Kyle McSlarrow has branded as a "publicity stunt" Free Press's petition drive for a congressional investigation into Time Warner Cable's plans to test consumption-based billing for high-speed Internet.
In a blog posting, McSlarrow argues that Congress has enough real problems to deal with without spending time on "fictional ones."
Free Press says Time Warner is trying to "force customers to pay a steep Internet penalty for exceeding an absurdly low monthly limit."
McSlarrow, whose membership includes Time Warner Cable, argues that the company is simply conducting limited, careful and transparent tests of a new pricing model that "may serve the vast majority of their customers better by reflecting the growing reality that some consumers utilize far more high speed bandwidth than others."
Cable and telephone companies efforts to deal with that reality has been at the crux of the debate over network neutrality and when network management becomes discrimination in violation of either FCC open access principles.
That issue, which has never gone away, is back on a front burner as the government decides what kind of access conditions to apply to billions of dollars in broadband rollout grants.Free Press Policy Director Ben Scott countered that while it was true that metered pricing was only in the trial phase, he saw expansion of that trial to be an important change. "When a major national Internet service provider expands a practice from a small trial to a big trial, it's a serious enterprise. And we can reasonably expect it is the tip of the iceberg," he said in an online response.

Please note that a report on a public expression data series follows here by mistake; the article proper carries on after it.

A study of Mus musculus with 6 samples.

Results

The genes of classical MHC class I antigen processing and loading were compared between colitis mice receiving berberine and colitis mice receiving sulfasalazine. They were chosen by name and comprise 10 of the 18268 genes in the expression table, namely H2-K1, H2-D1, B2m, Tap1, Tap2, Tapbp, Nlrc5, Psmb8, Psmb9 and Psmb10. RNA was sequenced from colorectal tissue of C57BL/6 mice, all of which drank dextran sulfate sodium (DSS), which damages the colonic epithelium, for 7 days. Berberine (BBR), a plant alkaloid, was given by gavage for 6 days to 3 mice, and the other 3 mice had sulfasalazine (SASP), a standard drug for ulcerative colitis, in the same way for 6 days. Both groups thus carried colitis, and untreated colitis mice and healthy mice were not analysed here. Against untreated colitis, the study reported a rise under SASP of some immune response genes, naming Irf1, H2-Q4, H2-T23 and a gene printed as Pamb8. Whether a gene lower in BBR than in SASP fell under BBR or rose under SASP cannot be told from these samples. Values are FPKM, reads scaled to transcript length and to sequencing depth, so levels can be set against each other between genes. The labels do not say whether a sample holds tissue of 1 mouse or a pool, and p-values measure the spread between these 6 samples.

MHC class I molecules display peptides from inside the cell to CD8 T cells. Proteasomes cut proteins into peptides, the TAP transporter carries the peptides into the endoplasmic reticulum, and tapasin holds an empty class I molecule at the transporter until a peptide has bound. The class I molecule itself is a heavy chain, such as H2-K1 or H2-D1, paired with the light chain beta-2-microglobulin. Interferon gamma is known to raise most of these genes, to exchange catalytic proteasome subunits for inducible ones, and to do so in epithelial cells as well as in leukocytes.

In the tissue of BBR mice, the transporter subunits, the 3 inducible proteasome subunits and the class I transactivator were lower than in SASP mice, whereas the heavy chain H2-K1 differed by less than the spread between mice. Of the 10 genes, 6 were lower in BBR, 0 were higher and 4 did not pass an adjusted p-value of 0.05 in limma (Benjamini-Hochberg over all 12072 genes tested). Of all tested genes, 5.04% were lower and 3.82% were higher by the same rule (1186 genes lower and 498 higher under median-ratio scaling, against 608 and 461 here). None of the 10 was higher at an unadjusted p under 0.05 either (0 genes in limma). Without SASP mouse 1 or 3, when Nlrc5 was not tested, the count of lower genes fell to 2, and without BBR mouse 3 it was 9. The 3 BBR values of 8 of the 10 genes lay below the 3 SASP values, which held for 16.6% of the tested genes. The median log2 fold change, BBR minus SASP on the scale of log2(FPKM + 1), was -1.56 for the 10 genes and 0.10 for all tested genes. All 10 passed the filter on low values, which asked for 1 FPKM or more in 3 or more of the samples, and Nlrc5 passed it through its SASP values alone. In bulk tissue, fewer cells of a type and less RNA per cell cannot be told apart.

He suggested that iceberg could threaten to sink cable's online video competitors. "As the online video market has emerged, we have increasingly seen numerous reports of cable operators and content providers concerned about the possibility that consumers will one day opt to cancel cable and watch TV online," he said, adding: "Asking Congress for an inquiry is simply raising some red flags about a plan that has many troubling questions surrounding it."
McSlarrow had pointed out that Free Press itself had not opposed metering, but Scott said that was only as an alternative to outright blocking."As for whether metering is fair," he says, "it can be. But that is a question of whether the rates are fair in relation to the costs -- the same costs that TWC refuses to disclose."
Looking below the surface of the TWC test, Scott said Free Press sees "a major cable operator rolling out a new pricing model that looks like it has the scale to become a permanent system -- which is an appropriate moment to raise a red flag."